Ford has launched an open developer program for its in-car infotainment system at the 2013 Consumer Electronics Show (CES) in Las Vegas, making it the first car maker in the world to enable software developers to create apps for its vehicles.
The Ford Developer Program utilises the manufacturer’s Sync connectivity system and AppLink application programming interface to give developers the tools they need to create voice-activated apps designed to enhance the driving experience.
Vice president of engineering at Ford global product development, Hau Thai-Tang, said the program marked “a dramatic shift” in the way car makers could add new value and features to vehicles throughout the ownership period.
“Opening the car to developers gives consumers a direct voice and hand in the creation of apps that can help our products remain relevant, up to date and valuable to our customers,” he said.
Ford has been in a beta test with a group of developers to create a software development kit, and is now satisfied that the program is mature enough to open it up to developers around the world.
“The car presents an all-new opportunity for developers, especially the millennial market (those aged between 18-33), and we’re looking forward to seeing what results,” Thai-Tang said.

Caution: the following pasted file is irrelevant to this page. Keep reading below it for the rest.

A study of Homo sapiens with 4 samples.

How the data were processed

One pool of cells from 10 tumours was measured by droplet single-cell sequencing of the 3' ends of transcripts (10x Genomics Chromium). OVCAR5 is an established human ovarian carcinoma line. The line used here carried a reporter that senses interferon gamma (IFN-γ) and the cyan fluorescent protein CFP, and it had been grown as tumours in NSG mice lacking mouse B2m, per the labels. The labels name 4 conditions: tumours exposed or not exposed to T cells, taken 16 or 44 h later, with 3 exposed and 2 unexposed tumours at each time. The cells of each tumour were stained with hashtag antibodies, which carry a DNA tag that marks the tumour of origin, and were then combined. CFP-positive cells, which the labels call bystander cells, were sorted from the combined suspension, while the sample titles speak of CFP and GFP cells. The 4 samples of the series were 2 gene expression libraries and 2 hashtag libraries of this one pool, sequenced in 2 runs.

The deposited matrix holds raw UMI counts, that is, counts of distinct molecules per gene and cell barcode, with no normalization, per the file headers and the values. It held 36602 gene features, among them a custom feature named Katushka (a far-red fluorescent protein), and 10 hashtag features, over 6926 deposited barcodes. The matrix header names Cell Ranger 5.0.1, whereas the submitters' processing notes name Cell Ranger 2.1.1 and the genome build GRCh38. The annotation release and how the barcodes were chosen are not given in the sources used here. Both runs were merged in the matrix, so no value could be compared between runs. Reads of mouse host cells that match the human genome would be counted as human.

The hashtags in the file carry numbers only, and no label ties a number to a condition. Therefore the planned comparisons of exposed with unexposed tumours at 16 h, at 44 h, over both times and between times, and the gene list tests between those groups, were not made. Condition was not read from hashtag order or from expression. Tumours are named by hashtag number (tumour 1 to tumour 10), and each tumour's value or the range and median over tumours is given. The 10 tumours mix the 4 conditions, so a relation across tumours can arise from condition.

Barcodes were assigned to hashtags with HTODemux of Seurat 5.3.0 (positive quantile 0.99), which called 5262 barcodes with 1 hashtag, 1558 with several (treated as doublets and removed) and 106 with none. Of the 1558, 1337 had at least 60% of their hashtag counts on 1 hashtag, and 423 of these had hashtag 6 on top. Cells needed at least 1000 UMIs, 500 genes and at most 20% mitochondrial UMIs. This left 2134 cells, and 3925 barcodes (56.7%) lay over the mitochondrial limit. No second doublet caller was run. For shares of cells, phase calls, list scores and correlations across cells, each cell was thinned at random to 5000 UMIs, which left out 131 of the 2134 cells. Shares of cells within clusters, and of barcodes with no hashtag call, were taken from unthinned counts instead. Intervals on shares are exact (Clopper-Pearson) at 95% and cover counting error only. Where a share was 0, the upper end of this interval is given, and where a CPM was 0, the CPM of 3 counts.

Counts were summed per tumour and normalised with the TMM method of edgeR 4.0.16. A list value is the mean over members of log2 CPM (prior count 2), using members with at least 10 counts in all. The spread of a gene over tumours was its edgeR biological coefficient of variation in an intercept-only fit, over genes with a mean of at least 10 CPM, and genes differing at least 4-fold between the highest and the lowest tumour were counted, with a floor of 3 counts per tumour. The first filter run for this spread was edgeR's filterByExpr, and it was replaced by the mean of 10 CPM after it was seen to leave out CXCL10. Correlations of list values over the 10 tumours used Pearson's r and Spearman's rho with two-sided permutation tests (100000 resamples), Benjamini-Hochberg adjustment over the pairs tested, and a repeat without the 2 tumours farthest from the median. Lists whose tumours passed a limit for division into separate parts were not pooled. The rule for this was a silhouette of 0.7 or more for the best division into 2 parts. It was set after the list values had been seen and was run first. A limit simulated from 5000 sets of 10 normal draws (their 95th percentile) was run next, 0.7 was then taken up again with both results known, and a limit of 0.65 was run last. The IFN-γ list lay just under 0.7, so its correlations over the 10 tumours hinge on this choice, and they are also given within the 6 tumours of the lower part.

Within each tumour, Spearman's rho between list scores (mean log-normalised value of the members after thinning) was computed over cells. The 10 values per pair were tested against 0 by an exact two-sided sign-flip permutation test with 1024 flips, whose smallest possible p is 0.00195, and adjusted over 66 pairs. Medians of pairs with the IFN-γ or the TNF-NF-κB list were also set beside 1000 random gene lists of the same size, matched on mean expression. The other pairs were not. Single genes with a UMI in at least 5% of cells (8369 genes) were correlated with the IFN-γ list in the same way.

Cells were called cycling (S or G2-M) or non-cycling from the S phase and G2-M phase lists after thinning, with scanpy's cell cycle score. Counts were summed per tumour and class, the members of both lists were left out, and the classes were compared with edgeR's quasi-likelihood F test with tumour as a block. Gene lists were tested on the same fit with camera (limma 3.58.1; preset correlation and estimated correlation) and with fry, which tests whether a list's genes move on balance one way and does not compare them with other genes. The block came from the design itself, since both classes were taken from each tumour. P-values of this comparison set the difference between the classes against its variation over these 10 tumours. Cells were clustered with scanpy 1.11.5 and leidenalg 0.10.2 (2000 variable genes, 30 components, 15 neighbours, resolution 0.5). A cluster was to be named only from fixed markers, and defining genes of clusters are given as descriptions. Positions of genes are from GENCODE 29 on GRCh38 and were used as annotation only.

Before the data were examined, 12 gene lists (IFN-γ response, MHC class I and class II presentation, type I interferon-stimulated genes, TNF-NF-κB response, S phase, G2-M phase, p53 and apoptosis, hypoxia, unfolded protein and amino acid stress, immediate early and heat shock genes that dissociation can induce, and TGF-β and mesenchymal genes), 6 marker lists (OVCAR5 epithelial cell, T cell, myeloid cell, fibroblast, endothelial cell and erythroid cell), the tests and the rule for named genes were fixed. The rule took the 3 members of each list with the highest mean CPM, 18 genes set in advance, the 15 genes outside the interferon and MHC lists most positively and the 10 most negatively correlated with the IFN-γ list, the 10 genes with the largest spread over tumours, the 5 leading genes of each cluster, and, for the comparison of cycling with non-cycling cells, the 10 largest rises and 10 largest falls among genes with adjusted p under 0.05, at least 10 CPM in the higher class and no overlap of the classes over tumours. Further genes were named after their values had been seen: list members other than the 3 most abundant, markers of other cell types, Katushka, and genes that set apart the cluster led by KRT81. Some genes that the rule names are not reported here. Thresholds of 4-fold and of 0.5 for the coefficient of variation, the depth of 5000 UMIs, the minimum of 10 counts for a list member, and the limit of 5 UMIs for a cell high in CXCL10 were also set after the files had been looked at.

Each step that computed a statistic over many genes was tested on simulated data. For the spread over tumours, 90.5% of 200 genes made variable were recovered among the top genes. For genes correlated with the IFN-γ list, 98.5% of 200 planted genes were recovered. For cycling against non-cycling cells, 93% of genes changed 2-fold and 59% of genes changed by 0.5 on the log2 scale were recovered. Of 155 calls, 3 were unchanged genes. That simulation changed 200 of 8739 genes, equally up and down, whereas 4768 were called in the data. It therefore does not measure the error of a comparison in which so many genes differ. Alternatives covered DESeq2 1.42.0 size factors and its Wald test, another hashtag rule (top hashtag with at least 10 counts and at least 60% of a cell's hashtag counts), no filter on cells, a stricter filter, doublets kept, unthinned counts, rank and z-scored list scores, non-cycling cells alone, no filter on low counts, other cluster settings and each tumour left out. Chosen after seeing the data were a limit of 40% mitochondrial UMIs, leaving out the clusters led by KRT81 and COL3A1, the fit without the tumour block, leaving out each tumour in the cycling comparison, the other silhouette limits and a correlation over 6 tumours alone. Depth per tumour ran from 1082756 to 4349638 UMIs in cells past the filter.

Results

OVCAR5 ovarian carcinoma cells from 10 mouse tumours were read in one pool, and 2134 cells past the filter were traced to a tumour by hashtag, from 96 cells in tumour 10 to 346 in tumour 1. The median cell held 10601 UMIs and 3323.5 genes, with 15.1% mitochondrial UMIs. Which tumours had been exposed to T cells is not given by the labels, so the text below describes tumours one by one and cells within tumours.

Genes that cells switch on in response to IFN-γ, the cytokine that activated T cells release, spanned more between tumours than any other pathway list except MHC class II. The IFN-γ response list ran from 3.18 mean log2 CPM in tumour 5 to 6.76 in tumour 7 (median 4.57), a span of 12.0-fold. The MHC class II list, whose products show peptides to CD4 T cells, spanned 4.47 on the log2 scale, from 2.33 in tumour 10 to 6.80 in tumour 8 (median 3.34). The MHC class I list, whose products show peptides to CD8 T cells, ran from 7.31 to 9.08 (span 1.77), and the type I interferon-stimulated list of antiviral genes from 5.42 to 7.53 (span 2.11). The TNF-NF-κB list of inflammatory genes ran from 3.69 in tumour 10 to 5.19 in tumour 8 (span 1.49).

“Engaging innovators outside of the company is a key part of our strategy to be consumer-driven in all aspects of our business, helping us not only satisfy what’s going on today, but setting us up for innovative solutions to the challenges coming in the future.”
A recent Nielsen survey revealed there are more than one billion smartphone users in the world, and predicts that number will double by 2015. More than 55 billion apps have been downloaded from the leading digital markets.
A number of new AppLink-enabled apps have also been launched for Ford’s Sync-equipped vehicles in the US, including the Wall Street Journal, USA Today, and Glympse, the latter of which allows drivers to update friends and family with their expected time of arrival using a real-time tracker to display their location on a dynamic map.